We’re all familiar with the fairy tale of the Pied Piper of Hamelin. The village was overrun with rats, they hired a magical piper to lead them out of town and drown them in the river. The mayor reneged on the deal when the piper came looking for payment. On the 26th of June, 1284, the piper retaliated, using his skills to lead the village’s children away. 130 children were never seen again.
It’s a fairy tale, to some degree, but at least parts of the story appear to be historically accurate. The part about the rats was added 200 years later and the magic flute is a little hard to believe, but the town of Hamelin part is real enough.
The first entry in Hamelin’s chronicles reads, “It is 100 years since our children left”. That was written in 1384. There was a stained glass window in the Church in Hamelin, installed around 1300, featuring a colorful figure leading several children dressed in white. The window was destroyed in 1660, but we have detailed descriptions dating from the 14th to the 17th centuries.
There is little agreement concerning the facts of the story. The figure of the piper could be merely a symbol of the children’s death by plague or some other catastrophe. Or it could be some charismatic figure like Nicholas of Cologne, who led tens of thousands of children away on the “children’s crusade” against the infidel, in 1212. Most of them were never seen again. Nicholas himself died on the return trip home. Villagers were so angry over the loss of their children that they lynched the boy’s father.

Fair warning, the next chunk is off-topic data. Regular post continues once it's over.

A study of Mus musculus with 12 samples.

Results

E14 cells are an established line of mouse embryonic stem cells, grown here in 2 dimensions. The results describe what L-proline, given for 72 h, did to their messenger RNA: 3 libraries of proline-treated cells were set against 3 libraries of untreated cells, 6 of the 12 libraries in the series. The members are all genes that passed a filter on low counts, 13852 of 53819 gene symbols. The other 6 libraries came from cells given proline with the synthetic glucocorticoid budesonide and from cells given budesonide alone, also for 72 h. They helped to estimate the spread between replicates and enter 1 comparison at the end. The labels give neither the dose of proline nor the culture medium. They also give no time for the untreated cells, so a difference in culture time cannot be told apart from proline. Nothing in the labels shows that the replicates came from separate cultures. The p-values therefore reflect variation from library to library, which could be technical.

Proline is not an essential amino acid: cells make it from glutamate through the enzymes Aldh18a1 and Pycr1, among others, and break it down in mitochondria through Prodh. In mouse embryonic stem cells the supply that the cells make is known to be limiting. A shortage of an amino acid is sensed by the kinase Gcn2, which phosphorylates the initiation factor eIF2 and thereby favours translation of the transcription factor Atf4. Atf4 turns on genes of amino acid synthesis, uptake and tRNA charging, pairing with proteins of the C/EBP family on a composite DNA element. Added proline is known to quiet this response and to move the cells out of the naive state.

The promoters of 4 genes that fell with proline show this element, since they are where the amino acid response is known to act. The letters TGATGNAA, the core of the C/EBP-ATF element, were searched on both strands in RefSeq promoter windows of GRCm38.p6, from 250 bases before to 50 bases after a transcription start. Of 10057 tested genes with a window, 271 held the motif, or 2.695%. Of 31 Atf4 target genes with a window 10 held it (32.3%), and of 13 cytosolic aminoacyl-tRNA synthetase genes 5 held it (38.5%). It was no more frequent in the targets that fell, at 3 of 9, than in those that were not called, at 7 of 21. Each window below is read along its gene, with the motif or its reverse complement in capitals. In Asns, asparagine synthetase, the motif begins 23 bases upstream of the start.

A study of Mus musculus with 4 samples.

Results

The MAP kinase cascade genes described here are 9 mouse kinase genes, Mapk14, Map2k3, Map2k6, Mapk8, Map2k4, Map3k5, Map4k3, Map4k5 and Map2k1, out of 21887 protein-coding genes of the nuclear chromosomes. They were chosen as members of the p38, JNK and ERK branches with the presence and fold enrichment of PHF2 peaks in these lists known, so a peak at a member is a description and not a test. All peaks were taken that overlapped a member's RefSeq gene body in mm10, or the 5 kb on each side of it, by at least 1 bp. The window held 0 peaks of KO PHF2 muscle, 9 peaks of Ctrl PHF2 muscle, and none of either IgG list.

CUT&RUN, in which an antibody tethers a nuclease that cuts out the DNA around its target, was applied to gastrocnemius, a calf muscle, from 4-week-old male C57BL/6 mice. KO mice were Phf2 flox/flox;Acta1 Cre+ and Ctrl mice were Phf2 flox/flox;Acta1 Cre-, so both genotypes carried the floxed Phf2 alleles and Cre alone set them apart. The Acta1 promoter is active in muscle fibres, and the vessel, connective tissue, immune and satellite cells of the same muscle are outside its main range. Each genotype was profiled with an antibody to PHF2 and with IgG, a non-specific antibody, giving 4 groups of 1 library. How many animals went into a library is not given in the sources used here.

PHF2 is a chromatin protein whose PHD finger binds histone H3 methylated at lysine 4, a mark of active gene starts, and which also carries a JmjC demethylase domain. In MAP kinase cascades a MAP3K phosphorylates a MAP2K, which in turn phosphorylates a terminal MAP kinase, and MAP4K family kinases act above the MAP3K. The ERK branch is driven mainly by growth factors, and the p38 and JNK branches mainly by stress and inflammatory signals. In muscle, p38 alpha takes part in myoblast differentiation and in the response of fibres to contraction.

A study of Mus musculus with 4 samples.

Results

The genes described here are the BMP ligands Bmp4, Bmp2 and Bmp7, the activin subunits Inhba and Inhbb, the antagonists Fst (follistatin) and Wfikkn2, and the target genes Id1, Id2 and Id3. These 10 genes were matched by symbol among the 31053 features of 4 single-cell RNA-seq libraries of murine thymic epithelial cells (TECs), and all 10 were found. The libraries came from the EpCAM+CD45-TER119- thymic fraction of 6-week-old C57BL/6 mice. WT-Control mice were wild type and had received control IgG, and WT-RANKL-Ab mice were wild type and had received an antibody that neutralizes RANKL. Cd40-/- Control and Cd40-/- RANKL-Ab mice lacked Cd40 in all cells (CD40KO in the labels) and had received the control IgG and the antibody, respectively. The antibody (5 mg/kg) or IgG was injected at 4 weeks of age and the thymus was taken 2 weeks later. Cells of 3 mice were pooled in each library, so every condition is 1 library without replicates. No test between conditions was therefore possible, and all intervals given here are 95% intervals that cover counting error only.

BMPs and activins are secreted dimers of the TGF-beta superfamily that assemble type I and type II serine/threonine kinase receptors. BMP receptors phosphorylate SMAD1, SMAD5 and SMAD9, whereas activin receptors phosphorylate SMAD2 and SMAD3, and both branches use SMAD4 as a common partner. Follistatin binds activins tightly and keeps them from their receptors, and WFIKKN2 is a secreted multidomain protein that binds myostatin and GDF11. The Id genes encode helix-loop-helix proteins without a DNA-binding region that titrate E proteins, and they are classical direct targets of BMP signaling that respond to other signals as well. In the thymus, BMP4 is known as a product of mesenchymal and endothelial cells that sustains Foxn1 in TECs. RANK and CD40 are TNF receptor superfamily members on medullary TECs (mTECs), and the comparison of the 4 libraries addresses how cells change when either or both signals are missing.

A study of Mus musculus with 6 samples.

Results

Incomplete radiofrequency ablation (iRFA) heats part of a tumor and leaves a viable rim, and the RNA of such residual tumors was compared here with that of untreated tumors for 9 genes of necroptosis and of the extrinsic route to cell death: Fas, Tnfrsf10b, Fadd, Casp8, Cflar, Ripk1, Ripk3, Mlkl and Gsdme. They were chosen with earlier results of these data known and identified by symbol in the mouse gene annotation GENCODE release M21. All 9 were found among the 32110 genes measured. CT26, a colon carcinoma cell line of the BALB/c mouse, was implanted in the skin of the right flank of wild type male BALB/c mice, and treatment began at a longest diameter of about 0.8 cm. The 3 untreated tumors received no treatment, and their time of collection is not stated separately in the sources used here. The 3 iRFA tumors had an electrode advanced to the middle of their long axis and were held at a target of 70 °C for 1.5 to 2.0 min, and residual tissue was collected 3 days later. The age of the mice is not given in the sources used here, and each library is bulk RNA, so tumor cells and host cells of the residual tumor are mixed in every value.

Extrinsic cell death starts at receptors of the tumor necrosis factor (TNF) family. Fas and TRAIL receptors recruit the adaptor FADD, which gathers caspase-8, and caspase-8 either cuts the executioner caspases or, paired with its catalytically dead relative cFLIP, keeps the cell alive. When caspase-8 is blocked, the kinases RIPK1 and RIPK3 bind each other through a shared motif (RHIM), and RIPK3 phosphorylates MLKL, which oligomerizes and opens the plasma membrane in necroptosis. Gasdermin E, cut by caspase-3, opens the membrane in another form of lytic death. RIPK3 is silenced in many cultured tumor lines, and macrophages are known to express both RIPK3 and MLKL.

Another theory has it that children were recruited to move east. Eastern Europe became open for German settlement after the defeat of the Danes at the Battle of Bornhoved in 1227. The Bishops and Dukes from Lower Saxony and Westphalia sent out “Locators”: glib, medieval recruitment officers who offered rich rewards to anyone willing to move east to the Baltic region.
Linguistics professor Jurgen Udolph has tracked all the family names that he could find from the Hamelin of 1284, and started searching for matches elsewhere. He claims that the same surnames occur with amazing frequency in Priegnitz and Uckermark, forming a straight line from north central Germany through Berlin to the former Pomeranian Region in what is now Poland, a distance of some 400 miles.